Something else is in the water.
Never dive alone. Dad’s words ring through my head as something splashes above me. My hand goes to the knife strapped to my leg. I take long breaths through my regulator and try to stop myself from fidgeting.
If I’m already being hunted by something, it won’t really matter. Avoiding sudden movements is a way not to surprise an alligator or crocodile that hasn’t noticed you. If they have . . . it won’t make a difference.
I didn’t see any large reptiles on the bank of the canal when I dived in, but that doesn’t mean one couldn’t have slipped past my attention.
Unfortunately, I can’t see more than a few feet in front of me because of the murkiness of the water and all the sediment my shovel has kicked up from the bottom. The only wildlife I’ve observed so far is a curious turtle that quickly bobbed the other way once she spotted me.
An alligator in this canal wouldn’t be unusual. I’ve been around them my whole life. I don’t have any special fear of the toothy reptiles, only a healthy respect. As a teenager knee-boarding up and down the 84 Canal behind my boyfriend’s boat, I saw them all the time. They’d watch from the banks with their greenish-yellow eyes like bitter old men remembering the days before the rambunctious kids moved into their neighborhood. The gators had a good run, spending millions of years here in Florida as the peninsula rose from the ocean floor, sank back, and rose again, over and over, outlasting the saber-toothed cats, ground sloths, elephants, and camels that all called Florida home at one time or another.
When people think of Florida, they tend to visualize the beaches, the blue-hairs, and the Everglades—forgetting the long history of the region. That’s why I’m fifteen feet underwater in an unusually deep depression in a canal that feeds into the Intracoastal Waterway. Somewhere below the muck I’m probing with my shovel, there’s a story to be told.
Until the splash, I was looking for rocks and fossil fragments to bring back to my PhD adviser as a favor. On the wall of her office at South Florida University is a map of the region with little Post-it notes marking potentially interesting paleontological and archaeological locations. This is one of them.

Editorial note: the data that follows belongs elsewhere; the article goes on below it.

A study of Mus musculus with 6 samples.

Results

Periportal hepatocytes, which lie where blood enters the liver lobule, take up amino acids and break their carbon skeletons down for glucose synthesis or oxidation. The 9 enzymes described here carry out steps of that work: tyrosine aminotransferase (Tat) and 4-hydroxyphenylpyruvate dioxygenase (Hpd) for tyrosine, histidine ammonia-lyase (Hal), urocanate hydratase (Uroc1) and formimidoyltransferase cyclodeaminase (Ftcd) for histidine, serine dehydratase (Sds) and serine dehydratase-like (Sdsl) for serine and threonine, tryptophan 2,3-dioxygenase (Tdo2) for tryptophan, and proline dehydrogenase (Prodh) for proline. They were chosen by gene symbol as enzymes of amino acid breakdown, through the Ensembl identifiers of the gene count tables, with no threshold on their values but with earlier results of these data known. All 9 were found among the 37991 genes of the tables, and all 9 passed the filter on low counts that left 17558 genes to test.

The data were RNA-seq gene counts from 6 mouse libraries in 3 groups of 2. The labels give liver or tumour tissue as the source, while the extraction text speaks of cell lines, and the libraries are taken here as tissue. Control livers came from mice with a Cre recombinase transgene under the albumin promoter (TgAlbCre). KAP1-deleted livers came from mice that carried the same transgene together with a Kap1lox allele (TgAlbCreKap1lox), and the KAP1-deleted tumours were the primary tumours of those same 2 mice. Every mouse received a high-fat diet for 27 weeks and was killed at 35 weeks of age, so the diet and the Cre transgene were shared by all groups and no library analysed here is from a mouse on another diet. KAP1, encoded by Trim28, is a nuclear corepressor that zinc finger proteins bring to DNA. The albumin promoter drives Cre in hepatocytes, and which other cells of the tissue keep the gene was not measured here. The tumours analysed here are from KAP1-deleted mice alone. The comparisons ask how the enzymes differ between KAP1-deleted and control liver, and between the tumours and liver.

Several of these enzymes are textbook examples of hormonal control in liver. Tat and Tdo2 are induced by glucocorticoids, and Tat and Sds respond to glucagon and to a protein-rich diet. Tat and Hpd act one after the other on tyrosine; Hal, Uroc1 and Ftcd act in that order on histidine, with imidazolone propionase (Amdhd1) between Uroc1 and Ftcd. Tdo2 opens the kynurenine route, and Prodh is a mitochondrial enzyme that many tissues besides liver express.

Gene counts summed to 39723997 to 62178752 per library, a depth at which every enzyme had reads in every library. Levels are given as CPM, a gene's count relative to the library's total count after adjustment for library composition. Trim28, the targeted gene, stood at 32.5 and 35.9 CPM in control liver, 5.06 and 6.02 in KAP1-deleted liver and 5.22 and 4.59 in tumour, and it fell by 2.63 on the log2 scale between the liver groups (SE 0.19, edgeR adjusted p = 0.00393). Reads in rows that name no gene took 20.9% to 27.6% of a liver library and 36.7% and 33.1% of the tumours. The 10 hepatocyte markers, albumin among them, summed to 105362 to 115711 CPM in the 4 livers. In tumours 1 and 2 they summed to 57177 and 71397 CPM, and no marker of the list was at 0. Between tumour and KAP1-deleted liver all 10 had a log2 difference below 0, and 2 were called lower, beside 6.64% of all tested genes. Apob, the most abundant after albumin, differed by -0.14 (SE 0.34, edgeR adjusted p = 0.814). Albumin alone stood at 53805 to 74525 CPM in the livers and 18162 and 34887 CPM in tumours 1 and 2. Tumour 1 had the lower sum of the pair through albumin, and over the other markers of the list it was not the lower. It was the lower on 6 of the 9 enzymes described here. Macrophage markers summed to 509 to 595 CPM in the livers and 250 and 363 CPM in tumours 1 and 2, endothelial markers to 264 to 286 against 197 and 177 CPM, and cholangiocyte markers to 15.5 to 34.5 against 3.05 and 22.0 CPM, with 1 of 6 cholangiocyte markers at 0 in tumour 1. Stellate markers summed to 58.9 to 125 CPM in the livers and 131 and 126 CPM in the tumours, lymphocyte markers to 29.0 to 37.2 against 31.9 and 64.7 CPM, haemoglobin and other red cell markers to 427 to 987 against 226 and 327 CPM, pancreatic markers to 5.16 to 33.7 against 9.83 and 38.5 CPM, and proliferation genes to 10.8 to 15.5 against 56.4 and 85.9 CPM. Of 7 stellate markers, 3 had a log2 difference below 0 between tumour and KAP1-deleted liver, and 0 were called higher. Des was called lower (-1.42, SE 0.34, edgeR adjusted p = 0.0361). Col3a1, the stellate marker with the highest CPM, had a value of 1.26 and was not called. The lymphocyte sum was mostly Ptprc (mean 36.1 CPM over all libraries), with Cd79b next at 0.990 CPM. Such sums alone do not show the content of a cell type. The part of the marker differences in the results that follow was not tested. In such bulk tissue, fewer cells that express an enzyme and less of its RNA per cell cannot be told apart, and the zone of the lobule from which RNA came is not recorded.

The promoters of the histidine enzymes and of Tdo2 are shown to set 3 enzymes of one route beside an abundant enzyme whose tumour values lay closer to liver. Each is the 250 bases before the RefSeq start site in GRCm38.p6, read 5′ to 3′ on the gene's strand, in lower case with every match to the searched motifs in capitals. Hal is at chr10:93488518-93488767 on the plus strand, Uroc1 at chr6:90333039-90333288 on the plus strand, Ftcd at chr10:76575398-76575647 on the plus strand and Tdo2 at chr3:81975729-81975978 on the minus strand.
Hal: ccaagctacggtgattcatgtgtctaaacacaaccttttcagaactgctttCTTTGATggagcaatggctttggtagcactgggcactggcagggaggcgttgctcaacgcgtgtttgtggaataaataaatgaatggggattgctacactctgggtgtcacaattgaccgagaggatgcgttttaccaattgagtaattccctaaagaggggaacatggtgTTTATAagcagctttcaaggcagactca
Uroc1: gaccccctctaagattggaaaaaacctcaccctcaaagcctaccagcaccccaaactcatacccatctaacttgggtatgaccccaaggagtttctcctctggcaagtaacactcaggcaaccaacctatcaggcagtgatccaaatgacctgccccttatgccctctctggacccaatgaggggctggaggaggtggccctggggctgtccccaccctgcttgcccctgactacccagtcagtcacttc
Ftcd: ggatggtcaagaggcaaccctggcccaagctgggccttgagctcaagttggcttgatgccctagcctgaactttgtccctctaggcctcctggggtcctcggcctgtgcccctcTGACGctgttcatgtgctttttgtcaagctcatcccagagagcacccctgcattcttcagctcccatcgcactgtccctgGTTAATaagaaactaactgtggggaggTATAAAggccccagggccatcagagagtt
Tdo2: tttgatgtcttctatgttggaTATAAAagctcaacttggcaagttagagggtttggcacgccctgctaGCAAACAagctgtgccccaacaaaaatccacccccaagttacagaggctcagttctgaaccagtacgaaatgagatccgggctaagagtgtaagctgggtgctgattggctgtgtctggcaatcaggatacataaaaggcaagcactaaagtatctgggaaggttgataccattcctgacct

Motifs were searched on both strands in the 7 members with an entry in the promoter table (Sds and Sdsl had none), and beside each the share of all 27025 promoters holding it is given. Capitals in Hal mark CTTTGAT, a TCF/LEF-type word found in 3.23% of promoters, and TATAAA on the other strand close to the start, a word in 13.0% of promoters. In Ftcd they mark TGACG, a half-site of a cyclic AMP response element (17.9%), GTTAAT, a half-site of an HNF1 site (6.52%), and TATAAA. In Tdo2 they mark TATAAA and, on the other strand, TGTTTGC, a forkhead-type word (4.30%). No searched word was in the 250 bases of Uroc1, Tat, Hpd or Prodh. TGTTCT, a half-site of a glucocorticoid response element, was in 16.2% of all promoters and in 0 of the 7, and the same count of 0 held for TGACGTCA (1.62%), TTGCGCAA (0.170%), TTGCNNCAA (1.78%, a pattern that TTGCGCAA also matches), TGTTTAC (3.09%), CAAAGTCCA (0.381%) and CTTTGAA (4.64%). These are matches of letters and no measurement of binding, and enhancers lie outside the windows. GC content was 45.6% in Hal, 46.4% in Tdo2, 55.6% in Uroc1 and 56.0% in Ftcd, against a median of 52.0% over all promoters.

She got excited when I told her I dived for the police department and could help her investigate some of those sites—which basically meant me bringing her plastic bags of unusual things I found.
In a hole like this, you could find dinosaur fossils, mammoth bones—try to imagine those massive creatures roaming across the Sunshine State—or even ancient human remains. The Tequesta people spent two millennia in this area, and we still know very little about them. The fact that the Spaniards forcibly resettled many of them to Cuba didn’t exactly help preserve their culture.
I remind myself that I might be risking my own extinction if I’m not careful. I take the knife out of the sheath, hold it in front of me, and pull my legs in so there’s less to chomp on. In my other hand, I raise my shovel as a second weapon.
Although exceedingly rare, human deaths from alligators have increased as both of our numbers have gone up. If there’s an alligator in the water, 99.999 percent of the time it couldn’t care less. Millions of people come within feet of them every year without a problem.
Of course, millions of people don’t go diving in remote water holes in which an alligator might feel a little more territorial. Also, millions of people don’t sit on the floor of the canal like a large grouper waiting to be eaten . . .
Then there’s the growing population of crocodiles, which are much more aggressive. Add to that the even more ferocious Nile crocodiles now swimming around out here too. Not to mention the increasing numbers of invasive giant pythons . . .
It’s underwater Jurassic Park down here.
I slowly turn my head and scan the water around me, ready to stab the eyes and snout of anything that emerges through the murk. I could be less than two yards away from a twenty-foot alligator and not even know it.
I exhale a big burst of bubbles, letting anything nearby know I’m here. It’s better to surprise something from far away than accidentally step on it.
Satisfied that I’m not about to be attacked in the next half second, I decide it’s time to surface and head for the bank.
I kick and swim for the shining surface, working my fins until my head pokes above the water.
I half expect to see an alligator floating a few yards away watching me with a lazy expression. Instead, I’m greeted by a green canal still rippling from my own waves.
It’s when I turn toward shore that I feel my heart stop.
I’ve swum close to alligators hundreds of times. I’ve seen more sharks than I can count.
The sight that greets me isn’t the first time I’ve seen something like this . . . but never so unexpectedly.
The splash I heard wasn’t an alligator slipping into the water.
It wasn’t a crocodile or a slithering snake.
It was a body.
A human body.
A dead body.
Dumped into the canal while I was underwater.
From The Girl Beneath the Sea by Andrew Mayne. Used with the permission of the publisher, Thomas and Mercer. Copyright © 2020 by Andrew Mayne.